The department physics and astronomy graduate student advisory committee (GSAC) is a volunteer group of your fellow graduate students. Our mission is to be your advocate on behalf of your success in our department. We are your liaison if you are experiencing an issue with faculty, the grad school, or anything else that is negatively impacting your advancement towards a degree. We take all information given to us in a confidential fashion and will not share this information with others, except for what is required by law or if we fear for your immediate safety. Graduate school is hard, but you are not alone.
We also provide opportunities to meet your fellow graduate students in department socials and a chance to practice presenting your research in our graduate research seminar (GRS). Please feel free to contact us with questions at email@example.com
Flo Doval is a fourth-year physics graduate student and current chair of physics and astronomy GSAC. She works with Michael Vershinin using optical trapping experiments to study the physical properties of microtubule networks. You can contact her via email at firstname.lastname@example.org.
Sarina is a 2nd year graduate student, the current chair-elect of GSAC, and a coordinator for the graduate Women in Physics and Astronomy group. She received a B.S. in Astrophysics, as well as a B.S. in Physics from the College of Charleston in 2017. She works with Dan Wik observing mergers between galaxy clusters using X-Ray telescopes, in order to find shock waves barreling through the mergers.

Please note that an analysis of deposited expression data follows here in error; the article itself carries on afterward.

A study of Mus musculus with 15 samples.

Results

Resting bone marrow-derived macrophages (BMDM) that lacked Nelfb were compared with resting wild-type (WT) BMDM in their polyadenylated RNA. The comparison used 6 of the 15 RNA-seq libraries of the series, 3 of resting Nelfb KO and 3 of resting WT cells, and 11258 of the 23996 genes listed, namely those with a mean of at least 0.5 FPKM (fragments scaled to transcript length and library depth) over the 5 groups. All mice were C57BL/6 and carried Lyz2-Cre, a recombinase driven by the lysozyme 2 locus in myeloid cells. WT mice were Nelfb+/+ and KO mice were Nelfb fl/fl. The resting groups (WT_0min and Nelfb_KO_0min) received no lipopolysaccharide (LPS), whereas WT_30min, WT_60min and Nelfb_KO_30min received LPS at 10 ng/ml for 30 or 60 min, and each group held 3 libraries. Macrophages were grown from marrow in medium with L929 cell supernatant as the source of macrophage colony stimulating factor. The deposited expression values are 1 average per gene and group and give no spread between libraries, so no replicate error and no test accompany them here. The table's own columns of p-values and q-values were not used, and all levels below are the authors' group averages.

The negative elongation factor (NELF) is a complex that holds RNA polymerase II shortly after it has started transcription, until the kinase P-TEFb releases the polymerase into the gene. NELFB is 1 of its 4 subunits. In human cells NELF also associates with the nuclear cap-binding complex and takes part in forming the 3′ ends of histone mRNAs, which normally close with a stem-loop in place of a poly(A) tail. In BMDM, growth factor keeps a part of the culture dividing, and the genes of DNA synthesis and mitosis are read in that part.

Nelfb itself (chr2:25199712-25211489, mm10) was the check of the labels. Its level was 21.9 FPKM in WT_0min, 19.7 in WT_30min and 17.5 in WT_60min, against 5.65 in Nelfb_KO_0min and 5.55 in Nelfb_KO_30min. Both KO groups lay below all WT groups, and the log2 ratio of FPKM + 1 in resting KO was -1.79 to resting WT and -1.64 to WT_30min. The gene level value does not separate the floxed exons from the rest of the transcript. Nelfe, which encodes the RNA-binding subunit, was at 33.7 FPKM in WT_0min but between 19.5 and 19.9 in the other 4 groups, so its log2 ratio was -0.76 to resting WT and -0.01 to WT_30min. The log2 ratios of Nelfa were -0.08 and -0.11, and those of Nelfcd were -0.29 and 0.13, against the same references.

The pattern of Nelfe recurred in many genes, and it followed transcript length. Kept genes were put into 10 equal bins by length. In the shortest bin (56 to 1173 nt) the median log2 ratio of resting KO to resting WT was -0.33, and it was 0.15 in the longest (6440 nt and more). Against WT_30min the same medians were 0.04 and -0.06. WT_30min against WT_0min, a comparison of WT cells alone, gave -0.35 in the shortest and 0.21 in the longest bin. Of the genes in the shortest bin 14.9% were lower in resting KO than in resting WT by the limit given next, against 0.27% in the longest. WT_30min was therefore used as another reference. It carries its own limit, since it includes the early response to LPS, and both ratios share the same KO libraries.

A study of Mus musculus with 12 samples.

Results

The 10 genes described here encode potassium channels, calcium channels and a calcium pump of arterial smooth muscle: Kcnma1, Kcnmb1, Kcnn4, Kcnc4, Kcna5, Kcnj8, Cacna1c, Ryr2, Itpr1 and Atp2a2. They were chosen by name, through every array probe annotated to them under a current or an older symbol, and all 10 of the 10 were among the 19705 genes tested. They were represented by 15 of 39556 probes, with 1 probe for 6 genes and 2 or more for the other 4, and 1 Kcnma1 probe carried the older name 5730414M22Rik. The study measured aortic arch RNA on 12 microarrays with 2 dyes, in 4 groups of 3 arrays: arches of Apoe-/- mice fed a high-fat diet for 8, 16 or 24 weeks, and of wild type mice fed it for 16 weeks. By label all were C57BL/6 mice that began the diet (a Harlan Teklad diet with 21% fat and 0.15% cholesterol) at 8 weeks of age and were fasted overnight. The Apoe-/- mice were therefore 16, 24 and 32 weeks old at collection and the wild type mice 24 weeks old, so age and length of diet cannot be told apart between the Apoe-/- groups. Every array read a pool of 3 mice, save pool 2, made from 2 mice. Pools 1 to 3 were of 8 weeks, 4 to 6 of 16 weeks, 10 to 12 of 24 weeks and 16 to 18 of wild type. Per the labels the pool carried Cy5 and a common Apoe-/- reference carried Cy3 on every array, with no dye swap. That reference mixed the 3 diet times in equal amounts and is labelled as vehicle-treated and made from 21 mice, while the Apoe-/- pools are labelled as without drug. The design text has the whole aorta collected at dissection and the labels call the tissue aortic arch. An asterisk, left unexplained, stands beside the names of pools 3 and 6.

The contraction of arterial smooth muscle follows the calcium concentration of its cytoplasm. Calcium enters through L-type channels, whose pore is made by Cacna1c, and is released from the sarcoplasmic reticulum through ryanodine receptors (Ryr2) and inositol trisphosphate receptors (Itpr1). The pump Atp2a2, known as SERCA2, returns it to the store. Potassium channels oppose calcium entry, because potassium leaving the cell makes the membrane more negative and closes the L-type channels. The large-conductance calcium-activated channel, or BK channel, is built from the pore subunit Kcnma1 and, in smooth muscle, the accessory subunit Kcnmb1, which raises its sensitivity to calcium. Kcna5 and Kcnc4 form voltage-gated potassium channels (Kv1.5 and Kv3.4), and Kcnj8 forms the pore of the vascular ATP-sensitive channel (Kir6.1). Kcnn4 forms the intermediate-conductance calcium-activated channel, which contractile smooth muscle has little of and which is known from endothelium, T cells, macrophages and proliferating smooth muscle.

Isaac Brown is a 2nd year physics PhD student at the U. Originally a music major, he switched to STEM and acquired a B.S. in physics and mathematics from the University of Oregon. He has worked on computational fluid dynamics, N-Body simulations involving gravitation, and laser interferometry. He will soon be starting work probing the properties of silicon impurities in low-temperature, ultra-high vacuum conditions. Isaac hopes to find a career in either academia or industry working on similar condensed matter projects. Issac is the secretary of GSAC.
Greg is a 5th-year graduate student at the University of Utah. He is currently working with Professor Douglas Bergman and the Telescope Array Cosmic Ray Observatory and specializing in the detection of florescence in the atmosphere caused by Extensive Air Showers started from Cosmic Rays entering the atmosphere. He is building electronic racks for the expansion of the Telescope Array Cosmic Ray Observatory known as TAx4. In his free time, he also enjoys experiencing the outdoors through climbing, hiking, backpacking, and photography. You can contact him via email at email@example.com.